A bipartisan gathering of former press secretaries is generally not the hottest ticket in town.
But in an era when daily White House press briefings are getting better ratings than many daytime soap operas, and the high point of any new “Saturday Night Live” is Melissa McCarthy’s spot-on impression of White House Press Secretary Sean “Spicy” Spicer, I figured it might be fun to listen in.
Monday, I took myself to the state capital, where five former press secretaries who served Republican Govs. Pete Wilson and Arnold Schwarzenegger, and Democrats Gray Davis and Jerry Brown headlined a Sacramento Press Club lunch.
All of them have long political resumes, and most now own political PR firms. Perhaps they would be able to explain Spicer, whose bizarre White House briefing room debut was built around President Trump’s claims that his inauguration crowds were historically large.
“Spicer is just saying what he needs to to keep his job,” said former Schwarzenegger spokesman Rob Stutzman, who was an outspoken Trump critic last year.
“If he is out there lying to reporters every day, I don’t know how he repairs that relationship,” said Steve Maviglio, who worked for Davis. “Being a press secretary is a relationship job. You need us, we need you, and that has broken down from Day One in this administration.”
Kevin Eckery, who worked for Wilson, agreed. “There is no fighting chance now that there could be a trust relationship,” Eckery said, “because it’s been so abused.”
The unfortunate bind that Spicer is in, he said, is that his ostensible audience is the press. But in reality he is performing only for the man he works for: Trump.
This was apparent after Spicer’s infamous maiden press conference that inspired “SNL’s” best new bit. Former George W. Bush press secretary Ari Fleischer tweeted: “This is called a statement you’re told to make by the President. And you know the President is watching.”
“I’ve been a press secretary too,” Eckery tweeted in reply. “We all make mistakes, but I never lied for my boss and he never asked me to lie. That’s when you quit.”
I do not doubt Eckery is sincere. But I have covered politics and Hollywood for years, and I guarantee you, there is nary a press secretary nor publicist who has not lied to a reporter at one time or another, either deliberately or by omission.
If you have a good relationship, though, you usually get over it.
Partly, Spicer has gotten away with an execrable relationship to the truth because he works for a man who has an epic disdain for facts. The president — and by extension, Spicer — gets away with it because Trump is such an unusual political figure.
“Celebrity rules are different from politician rules,” Eckery said. “And right now, Donald Trump is playing by celebrity rules. It’s just like when we saw the rules change for Gov. Davis when Arnold Schwarzenegger came along.”
(Who could forget? Schwarzenegger, one of the biggest celebrities in the world at the time, announced his gubernatorial bid on “The Tonight Show With Jay Leno.” In 2003, turning the governor’s race into entertainment fodder seemed tacky and unserious. That reaction now seems hopelessly quaint.)
“Arnold was fun and had a sense of humor and knew how to defuse people,” said Margita Thompson, who was his first-term spokesman, and now works for an independent California oil and natural gas producer. Like the Trump administration, on a much smaller scale, Schwarzenegger, a political neophyte, had a lot of chaos at the beginning as he assembled his team.
However, in Trump’s case, said the press secretaries, the chaos seems strategic.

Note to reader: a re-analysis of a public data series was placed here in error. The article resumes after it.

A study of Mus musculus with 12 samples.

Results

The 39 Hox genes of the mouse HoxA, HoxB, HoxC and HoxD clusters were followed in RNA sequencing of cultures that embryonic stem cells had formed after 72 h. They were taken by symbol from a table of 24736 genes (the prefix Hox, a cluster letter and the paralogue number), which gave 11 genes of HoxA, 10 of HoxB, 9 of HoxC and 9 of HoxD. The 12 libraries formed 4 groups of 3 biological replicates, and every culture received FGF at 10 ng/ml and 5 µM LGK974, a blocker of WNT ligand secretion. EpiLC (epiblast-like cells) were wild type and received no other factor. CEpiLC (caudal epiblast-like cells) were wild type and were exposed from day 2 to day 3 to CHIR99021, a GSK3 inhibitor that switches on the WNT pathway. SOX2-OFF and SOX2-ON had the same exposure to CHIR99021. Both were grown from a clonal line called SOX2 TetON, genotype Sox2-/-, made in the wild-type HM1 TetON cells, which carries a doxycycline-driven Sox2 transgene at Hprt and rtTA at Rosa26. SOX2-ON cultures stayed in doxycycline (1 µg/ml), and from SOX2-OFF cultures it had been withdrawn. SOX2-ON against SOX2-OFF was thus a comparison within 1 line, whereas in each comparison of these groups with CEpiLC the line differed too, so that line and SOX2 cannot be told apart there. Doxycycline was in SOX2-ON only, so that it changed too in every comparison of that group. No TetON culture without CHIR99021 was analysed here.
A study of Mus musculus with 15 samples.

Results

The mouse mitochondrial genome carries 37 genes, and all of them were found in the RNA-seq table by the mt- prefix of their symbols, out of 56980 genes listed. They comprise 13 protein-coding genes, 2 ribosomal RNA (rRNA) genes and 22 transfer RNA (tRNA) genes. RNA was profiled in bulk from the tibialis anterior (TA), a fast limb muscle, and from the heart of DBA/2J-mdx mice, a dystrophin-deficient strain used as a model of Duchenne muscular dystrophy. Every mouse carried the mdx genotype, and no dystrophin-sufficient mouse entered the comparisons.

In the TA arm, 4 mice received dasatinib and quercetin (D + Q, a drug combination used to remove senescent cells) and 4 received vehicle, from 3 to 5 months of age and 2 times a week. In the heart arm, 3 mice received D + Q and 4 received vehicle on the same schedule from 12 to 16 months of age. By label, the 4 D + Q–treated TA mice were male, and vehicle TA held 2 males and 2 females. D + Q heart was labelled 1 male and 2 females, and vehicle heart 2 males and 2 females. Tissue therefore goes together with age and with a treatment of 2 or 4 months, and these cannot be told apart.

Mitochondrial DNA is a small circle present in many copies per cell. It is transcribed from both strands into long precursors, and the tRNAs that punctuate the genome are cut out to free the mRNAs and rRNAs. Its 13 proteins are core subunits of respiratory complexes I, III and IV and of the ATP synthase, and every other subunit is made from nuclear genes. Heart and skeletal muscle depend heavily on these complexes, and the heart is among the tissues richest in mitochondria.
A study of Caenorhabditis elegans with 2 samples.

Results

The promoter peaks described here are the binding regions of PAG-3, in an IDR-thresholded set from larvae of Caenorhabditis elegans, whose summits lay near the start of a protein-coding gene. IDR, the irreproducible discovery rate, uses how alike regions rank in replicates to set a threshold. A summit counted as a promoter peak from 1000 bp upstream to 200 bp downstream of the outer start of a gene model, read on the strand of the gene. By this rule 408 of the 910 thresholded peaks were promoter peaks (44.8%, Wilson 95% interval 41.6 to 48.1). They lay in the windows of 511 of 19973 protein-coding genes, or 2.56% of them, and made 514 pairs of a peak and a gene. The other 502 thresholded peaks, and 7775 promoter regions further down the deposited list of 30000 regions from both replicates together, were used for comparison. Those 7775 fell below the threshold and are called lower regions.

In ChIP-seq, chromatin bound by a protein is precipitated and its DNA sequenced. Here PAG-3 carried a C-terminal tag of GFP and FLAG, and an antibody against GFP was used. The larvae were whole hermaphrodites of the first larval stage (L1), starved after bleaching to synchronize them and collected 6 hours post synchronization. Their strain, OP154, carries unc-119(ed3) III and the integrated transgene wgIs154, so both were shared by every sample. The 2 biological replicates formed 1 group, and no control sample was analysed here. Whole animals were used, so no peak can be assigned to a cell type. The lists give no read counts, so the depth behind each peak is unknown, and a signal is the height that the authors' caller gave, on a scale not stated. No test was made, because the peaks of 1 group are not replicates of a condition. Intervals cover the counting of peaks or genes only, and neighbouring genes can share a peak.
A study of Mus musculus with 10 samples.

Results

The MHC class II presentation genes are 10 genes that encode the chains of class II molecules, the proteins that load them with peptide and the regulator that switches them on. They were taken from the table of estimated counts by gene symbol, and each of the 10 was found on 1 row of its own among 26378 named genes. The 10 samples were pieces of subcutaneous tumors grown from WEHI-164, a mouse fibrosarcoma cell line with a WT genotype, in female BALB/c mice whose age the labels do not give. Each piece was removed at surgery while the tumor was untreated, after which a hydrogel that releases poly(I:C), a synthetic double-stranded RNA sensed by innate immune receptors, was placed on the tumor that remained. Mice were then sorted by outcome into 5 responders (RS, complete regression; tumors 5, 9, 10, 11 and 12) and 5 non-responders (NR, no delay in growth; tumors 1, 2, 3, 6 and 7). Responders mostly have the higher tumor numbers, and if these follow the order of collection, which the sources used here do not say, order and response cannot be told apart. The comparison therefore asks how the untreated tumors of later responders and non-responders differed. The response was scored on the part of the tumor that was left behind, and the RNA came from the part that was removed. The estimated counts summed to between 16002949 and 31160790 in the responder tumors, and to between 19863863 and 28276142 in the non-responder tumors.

“It’s designed to distract,” Eckery said. “The president is a middle-rank New York developer who pursues everything as zero sum. ‘If I create enough chaos, I will create some advantage for myself.’ He is playing in a place he is very comfortable. I don’t know if there will ever be order.”
Stutzman had a slightly different take: “Steve Bannon has a strategy. Bannon and [Stephen] Miller see a long play. I don’t know if the president does.” (Trump chief strategist Bannon is a self-described “economic nationalist” who advocates “the deconstruction of the administrative state.” Trump senior advisor Miller raised eyebrows recently when he told “Face the Nation” viewers that “the powers of the president to protect our country are very substantial and will not be questioned.”)
When Politico reported that Spicer had called his staffers into a room with White House lawyers and forced them to relinquish their personal and business cellphones in a quest to find leakers, the press secretaries shook their heads.
“Leaks are part of the game,” said Gil Duran, former spokesman for Brown and Sen. Dianne Feinstein. “They are annoying and they can make your life a headache, but they are part of democracy. You have to roll with it.”
The press secretaries saw their jobs as maneuvering between the needs of the press and the needs of their boss, or “principal.”
“We are the principal’s warrior on the outside,” Thompson said, “and the press’s warrior on the inside.”
Delivering unpalatable news to the boss is also part of the job description, not something one can easily imagine Spicer providing to Trump, who has a famously low tolerance for criticism.
Eckery worked for Wilson at a tumultuous time in California, when the state experienced the Northridge earthquake and the Rodney King riots. Wilson’s popularity over two terms waxed and waned.
“Occasionally, we have to tell him the truth and say, ‘That didn’t work’ or ‘That could have gone better.’” After one public event, Eckery said, a junior staffer told Wilson what a great job he did. Eckery, who disagreed, told Wilson his job was not to flatter the governor, but to be honest.
Wilson put his hand on Eckery’s shoulder and said, “You know, Kevin, you don’t need to burden yourself like that.”
Can you imagine an exchange like that between Spicer and our frail-egoed president?